One of my favorite white varietals, especially to enjoy during spring and early summer, is sauvignon blanc.
Light, dry and crisp, the chilled wine is an ideal match for oysters and other shellfish, as well as sushi. It pairs well with chevre and many cheeses.
A native of France’s Bordeaux region, the green-skinned grape is grown in wine regions all over the world — including Europe, North and South America, South Africa and Australia. But, surprisingly, outside of France and Italy, the nation producing more sauvignon blanc than any other is New Zealand.
This Pacific country’s wine industry blossomed in the late 1970s in Marlborough province, at the northeastern end of the South Island. With a dry, temperate climate comparable to Northern California (it lies at a similar latitude in the Southern Hemisphere), this region is planted with 77 percent of New Zealand’s vineyards. More than 85 percent of the harvest is “sauv blanc,” which dominates over such other varietals as pinot noir and chardonnay.
Blenheim (pronounced “BLEN-im”), the hub of the region, has more hours of sunshine than any other New Zealand city. Long summer days and comfortably cool evenings extend the growing season well into the autumn, which in these southern climes comes in March.
International wine critics have praised New Zealand sauvignon blancs for their distinctive flavors and aromas, declaring them among the best in the world. Indeed, Brancott Estate, Clifford Bay, Cloudy Bay, Craggy Range, Kim Crawford, Matua, Mohua, Monkey Bay, Nobilo, Omaka Springs, Oyster Bay, Starborough, Villa Maria, Wairau River and Whitehaven are all Marlborough labels that wine lovers have seen in Bend-area wine shops and supermarkets.
A world of difference
In Bordeaux, sauvignon blanc is noted for its herbaceous, almost grassy, nose and its sharp acidity. Typical flavors may include elderflower, green apple and bell pepper. The grapes may sometimes be blended with others, such as semillon, or aged in oak barrels to make creamier, fuller-bodied wines. Sauvignon blanc is also used to make sweet Sauternes dessert wine in a blend with dried grapes affected by the botrytis fungus. North of Bordeaux, in the Loire Valley, limestone-rich soils impart more minerality to the wine, resulting in such varietals as Sancerre and Pouilly-Fumé.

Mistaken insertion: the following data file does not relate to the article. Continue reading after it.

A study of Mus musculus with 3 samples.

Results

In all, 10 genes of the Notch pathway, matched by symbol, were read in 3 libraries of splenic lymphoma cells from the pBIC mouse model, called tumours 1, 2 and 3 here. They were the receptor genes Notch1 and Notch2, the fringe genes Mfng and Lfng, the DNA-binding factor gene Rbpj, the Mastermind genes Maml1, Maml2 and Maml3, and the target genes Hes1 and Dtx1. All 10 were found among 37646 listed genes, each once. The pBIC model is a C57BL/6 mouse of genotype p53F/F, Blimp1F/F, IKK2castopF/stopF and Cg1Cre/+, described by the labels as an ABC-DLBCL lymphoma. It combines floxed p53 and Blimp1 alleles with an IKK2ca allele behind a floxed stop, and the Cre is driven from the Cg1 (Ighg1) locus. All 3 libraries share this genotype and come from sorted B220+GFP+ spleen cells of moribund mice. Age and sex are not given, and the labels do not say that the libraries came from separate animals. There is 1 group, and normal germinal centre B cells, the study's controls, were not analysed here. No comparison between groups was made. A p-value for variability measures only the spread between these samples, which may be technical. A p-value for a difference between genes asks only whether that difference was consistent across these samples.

California sauvignon blancs come primarily from Napa and Sonoma counties and from the Santa Ynez Valley of Santa Barbara County. A small number are also produced in Oregon’s Willamette Valley and in Washington’s Walla Walla region. In these cooler-climate zones, flavors may range from zesty lime to white peach, depending in part on the ripeness of the grapes when they are picked. But nearly all West Coast sauv blancs have a characteristic grassiness on the palate.
I don’t find this to the same degree in New Zealand sauvignon blancs. Perhaps some subtropical influences filter down from the country’s north, where the latitude is similar to that of Santa Barbara. The terroir tends to produce wines with more sweetly tropical flavors, notably passion fruit and (appropriately for this country) kiwi fruit. There’s most frequently also a strong tang of citrus up front: grapefruit or perhaps Meyer lemon.
These are elegant wines. Nobilo, Cloudy Bay and Matua are all good bets, readily available at local wine outlets for $15 or less. And they’re bottled not with corks but with screw caps, as sauvignon blancs are intended to be consumed young. Without oak, there’s no particular benefit to aging.
Kim Crawford wines
If I must choose just one New Zealand winery for sauvignon blanc, I’ll pick Kim Crawford. The 2016 vintage is already available in area stores, and if anything, it’s even better than previous years’.
Straw-colored, almost greenish on the pour, this wine is unoaked and bone dry with a suggestion of smokiness. On the nose, there’s a pleasing suggestion of ripe stonefruit, like walking through an orchard before the pears have been harvested. The palate offers passion fruit and subtle flavors of pomelo, or Chinese grapefruit, along with the varietal’s naturally grassy notes. The lingering flavor is fresh and tangy.
Kim Crawford’s grapes come from vineyards in Marlborough’s Wairau and Awatere valleys, neighboring alluvial terroirs much like Napa and Sonoma in California.
There’s nothing quite like this in the Northwest, but one winemaker who “gets it” is Ray Walsh of Eugene’s Capitello Wines. No surprise here: Walsh is a “Kiwi,” a native New Zealander.
Having discovered wine on a backpacking trip through Europe, Walsh was working in Marlborough for Kim Crawford and the large Villa Maria estate when he was recruited in 1993 by Eugene’s King Estate. After successfully raising its international profile in pinot noir and pinot gris, he stepped away in 2003 to establish his own brand, Capitello. Now he and his family fly back to Marlborough every harvest season.
Capitello’s Marlborough sauvignon blanc features a hint of oak, separating it from traditional New Zealand wines. But his Willamette Valley sauvignon blanc, sourced from local grapes, is a distinctly “Down Under”-style wine, with aromatics of passion fruit, lychee and lemon zest.
Walsh also makes wines on contract for Eugene’s Territorial Vineyards. But as something very near and dear to his heart, he keeps the sauvignon blancs to Capitello, the company he owns.
— John Gottberg Anderson specializes in Northwest wines. His column appears in GO! every other week. He also writes for our food section.